Schistosoma haematobium is the most widespread schistosome species in Senegal and occurs in several regions of the country especially in the Sudan-Sahelian zone. The aims of the study were i) to determine the freshwater species ii) to ascertain the role of the identified snail species in the transmission of S. haematobium and iii) to study the impact of drought on the snails.
Snails were sampled each year in 17 sites from July to November-December 2012 and 2013. At each snail survey, snails were grouped by village, counted, identified according to shell morphology and the rates of schistosome cercarial shedding recorded. The shell height of the snails collected in July was measured and classified into four groups according to their size in order to determine those that are open to aestivation.
B. senegalensis and B. umbilicatus were the only snails intermediate hosts collected in the Niakhar study area. B. senegalensis is found in all the 17 sampling sites while B. umbilicatus was only found in one site out of the many surveyed. The total number of B. senegalensis collected in 2012 and 2013 was 1032 and 8261 respectively. A total of 901 and 6432 B. senegalensis were tested for Schistosoma spp. infestation in 2012 and 2013 respectively. For B. umbilicatus, 58 snails were collected and tested in 2012. In 2013, 290 were collected and 281 tested. The overall rates of schistosome cercarial shedding were 0 % in 2012 and 0.12 % in 2013 for B. senegalensis and 13.79 and 4.98 % in 2012 and 2013 respectively for B. umbilicatus. For both species collected in July, size group 3 individuals (7–9.9 mm) were the most numerous, 63.6 and 57.8 % for B. senegalensis and B. umbilicatus respectively. B. umbilicatus was reported for the first time in the region of Fatick located in the old ecological zone of Sine-Saloum, is able to maintain Schistosoma spp. larvae during 7 months of drought and may transmit the disease in early July, increasing the period and the risk of transmission.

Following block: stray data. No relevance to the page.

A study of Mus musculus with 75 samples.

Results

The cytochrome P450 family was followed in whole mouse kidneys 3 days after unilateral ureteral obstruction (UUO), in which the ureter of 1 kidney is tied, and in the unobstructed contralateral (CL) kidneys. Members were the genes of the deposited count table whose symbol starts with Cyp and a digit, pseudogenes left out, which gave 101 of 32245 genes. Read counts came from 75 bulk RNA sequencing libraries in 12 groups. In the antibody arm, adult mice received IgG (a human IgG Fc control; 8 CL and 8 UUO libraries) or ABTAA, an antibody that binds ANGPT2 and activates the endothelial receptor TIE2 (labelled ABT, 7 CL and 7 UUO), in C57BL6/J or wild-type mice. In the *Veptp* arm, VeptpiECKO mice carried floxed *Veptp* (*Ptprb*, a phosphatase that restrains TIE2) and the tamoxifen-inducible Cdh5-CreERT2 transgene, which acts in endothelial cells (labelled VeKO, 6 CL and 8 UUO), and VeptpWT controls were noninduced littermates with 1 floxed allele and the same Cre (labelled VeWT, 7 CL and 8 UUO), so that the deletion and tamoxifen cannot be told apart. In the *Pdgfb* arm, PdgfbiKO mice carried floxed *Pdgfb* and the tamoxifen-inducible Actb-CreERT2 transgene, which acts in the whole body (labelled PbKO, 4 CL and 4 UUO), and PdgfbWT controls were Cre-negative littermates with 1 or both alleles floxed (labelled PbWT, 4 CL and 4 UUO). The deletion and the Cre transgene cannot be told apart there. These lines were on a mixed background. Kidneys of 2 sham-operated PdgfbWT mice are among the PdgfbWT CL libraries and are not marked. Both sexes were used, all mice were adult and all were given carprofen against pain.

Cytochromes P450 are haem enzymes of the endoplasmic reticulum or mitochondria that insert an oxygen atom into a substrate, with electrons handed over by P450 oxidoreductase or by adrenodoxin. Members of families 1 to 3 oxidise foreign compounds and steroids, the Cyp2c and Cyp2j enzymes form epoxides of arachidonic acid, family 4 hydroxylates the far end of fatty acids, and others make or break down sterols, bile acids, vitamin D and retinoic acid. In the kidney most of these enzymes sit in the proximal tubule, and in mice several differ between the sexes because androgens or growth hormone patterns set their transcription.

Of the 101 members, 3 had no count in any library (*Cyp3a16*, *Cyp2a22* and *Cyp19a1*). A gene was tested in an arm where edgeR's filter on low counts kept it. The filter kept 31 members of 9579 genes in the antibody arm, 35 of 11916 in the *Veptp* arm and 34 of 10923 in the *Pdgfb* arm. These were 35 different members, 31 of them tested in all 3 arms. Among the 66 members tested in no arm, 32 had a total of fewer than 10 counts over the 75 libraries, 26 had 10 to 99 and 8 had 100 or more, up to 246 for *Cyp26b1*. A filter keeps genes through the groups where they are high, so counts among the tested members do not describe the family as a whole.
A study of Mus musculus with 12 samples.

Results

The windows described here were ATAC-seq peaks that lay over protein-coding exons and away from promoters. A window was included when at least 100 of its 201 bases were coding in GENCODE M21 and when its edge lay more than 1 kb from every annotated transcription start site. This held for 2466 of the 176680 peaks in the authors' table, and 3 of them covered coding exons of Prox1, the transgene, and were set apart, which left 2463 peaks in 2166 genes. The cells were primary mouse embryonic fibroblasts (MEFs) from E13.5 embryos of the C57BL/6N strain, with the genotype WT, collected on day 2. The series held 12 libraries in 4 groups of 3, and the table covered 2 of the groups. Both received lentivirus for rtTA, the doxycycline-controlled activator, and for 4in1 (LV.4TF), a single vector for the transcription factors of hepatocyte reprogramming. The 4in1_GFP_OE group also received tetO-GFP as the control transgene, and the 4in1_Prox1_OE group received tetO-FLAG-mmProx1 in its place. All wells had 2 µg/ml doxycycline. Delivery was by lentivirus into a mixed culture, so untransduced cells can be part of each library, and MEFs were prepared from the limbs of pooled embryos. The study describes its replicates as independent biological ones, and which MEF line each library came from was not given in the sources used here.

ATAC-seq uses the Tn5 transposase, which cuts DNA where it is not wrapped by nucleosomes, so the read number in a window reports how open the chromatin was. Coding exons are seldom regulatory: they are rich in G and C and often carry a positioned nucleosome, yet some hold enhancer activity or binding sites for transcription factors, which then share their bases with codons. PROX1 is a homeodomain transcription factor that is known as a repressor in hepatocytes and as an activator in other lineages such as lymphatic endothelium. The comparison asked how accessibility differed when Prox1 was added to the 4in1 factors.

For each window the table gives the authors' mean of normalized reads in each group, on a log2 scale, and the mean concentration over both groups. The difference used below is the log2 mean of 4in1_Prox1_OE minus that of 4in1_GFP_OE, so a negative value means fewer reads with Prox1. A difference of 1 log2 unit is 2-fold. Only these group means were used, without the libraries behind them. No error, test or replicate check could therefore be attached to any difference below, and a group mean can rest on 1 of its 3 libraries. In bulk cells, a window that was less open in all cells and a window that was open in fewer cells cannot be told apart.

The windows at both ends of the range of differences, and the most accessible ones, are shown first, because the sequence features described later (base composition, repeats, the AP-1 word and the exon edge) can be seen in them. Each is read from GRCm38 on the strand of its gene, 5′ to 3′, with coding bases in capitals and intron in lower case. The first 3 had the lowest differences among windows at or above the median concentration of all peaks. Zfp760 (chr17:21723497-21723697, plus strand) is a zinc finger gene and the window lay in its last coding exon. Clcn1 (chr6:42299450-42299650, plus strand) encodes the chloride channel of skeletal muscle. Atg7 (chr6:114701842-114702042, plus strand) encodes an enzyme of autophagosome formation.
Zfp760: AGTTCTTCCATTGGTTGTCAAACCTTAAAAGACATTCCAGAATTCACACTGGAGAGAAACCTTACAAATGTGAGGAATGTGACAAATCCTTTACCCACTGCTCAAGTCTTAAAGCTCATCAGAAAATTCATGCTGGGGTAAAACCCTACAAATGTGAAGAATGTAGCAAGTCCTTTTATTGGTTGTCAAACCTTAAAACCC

This study recommends an adaptation of snail control strategies at pond cycles and ecology of the snails in these seasonal foci. Malacological control strategies must take into account these phenomena of drought resistance and the capacity of some snails to maintain parasite during aestivation. The treatment of ponds with Bayluscide at the end of the rainy season in November and upon onset of rains in July would be more advantageous to the control of snails thereby reducing transmission of urogenital schistosomiasis in the Niakhar area.